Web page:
What could be better than a day dedicated to wine? Sangria Day is the perfect excuse to meet with friends and sample the delicious, fruity drink that is one of Spain’s claims to fame in the area of the culinary arts. Make sure your December 20th really packs a punch!
The History of Sangria
Each year more and more people are visiting Spain for its food. Over 2,000 years ago, when the Romans inhabited the area, they knew the water there was unsafe for drinking because of bacteria, and so it was common to fortify it with alcohol to kill it off. The first sangrias (whose name comes from sangre, or blood, and refers to its dark color) were likely heavily watered down mixes of wine, water, and herbs and spices. Basically, the Romans added anything they could to kill off the bacteria in the water and to disguise the taste of mediocre table wine.
Today, spiced wine is an ancient and much-loved tradition, and even though it originates in Spain and Portugal it’s enjoyed world-wide today. It can be served as an iced outdoor treat in the summer, or as a great way to warm up indoors in the winter.
How to Celebrate Sangria Day
Celebrations are pretty straight-forward: gather some friends, pour everyone a glass, then kick back and enjoy the true taste of summer! There are practically as many recipes for sangria as there are drinkers of the fruity punch, and a lot of delightful sangria recipes you should try, but the most common ingredients are wine, fruit, honey and sugar. The recipe can be adjusted to suit any tastes, however: sparkling water can be added to give the drink more fizz, and fruit can be kept out of the glasses using a strainer. Some of the fruit can even be mashed or grated and then stirred into the wine to give it an extra-rich flavour.How this drink varies centres on the type of fruit, the presence or lack of carbonation and the kind of spirits added, if any at all. While all fruits can be used, the key is to use fruit that’s in season in order to underline the flavor of the drink, and also the type of wine being used. So while citrus and berries are the most popular choices for sangria, also consider peach, pineapple, mango, melon and even apples. If possible, try to let the fruit marinate in the wine a day ahead, or at least a few hours before serving, to get the most of the natural flavors the fruits add. Brandy is commonly used in sangria to jack the alcohol content up a little, but you can add a few shots of your favourite liquor instead, or a splash of orange juice combined with liqueur such as Triple Sec. If you’d like to add bubbles, consider soda water or a citrus-flavoured soda pop (Spaniards would probably have heart attacks if they knew how you were perverting their drink with Sprite, but what they don’t know doesn’t hurt them). Some sangria lovers add honey or sugar as well.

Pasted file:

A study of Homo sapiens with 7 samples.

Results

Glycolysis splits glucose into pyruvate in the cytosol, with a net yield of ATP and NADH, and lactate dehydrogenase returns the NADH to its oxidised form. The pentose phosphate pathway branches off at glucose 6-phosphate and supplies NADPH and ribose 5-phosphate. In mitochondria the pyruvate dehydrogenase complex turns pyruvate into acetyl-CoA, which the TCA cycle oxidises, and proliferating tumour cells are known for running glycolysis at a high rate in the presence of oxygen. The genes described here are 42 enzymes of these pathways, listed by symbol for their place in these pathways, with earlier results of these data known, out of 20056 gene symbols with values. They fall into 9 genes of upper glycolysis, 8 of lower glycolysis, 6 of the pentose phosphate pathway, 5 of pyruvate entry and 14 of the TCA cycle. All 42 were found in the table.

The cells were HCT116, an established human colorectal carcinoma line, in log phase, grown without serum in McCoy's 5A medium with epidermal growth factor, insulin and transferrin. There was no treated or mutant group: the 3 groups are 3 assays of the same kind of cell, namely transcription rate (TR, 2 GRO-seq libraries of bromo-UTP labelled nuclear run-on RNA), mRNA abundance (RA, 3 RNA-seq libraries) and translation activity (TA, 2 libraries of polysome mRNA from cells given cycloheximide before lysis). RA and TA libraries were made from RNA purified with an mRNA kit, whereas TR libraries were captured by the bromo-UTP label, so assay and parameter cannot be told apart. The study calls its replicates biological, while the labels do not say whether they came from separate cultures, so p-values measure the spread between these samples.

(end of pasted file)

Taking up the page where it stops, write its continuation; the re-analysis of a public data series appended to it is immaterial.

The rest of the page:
While connoisseurs say it’s important to use a good quality red wine such as Rioja to get the authentic Spanish flavour, many agree that you should just choose something you like. Inexpensive wines are perfect for this drinka–after all, masking the taste of cheap wine is exactly how sangria came into existence.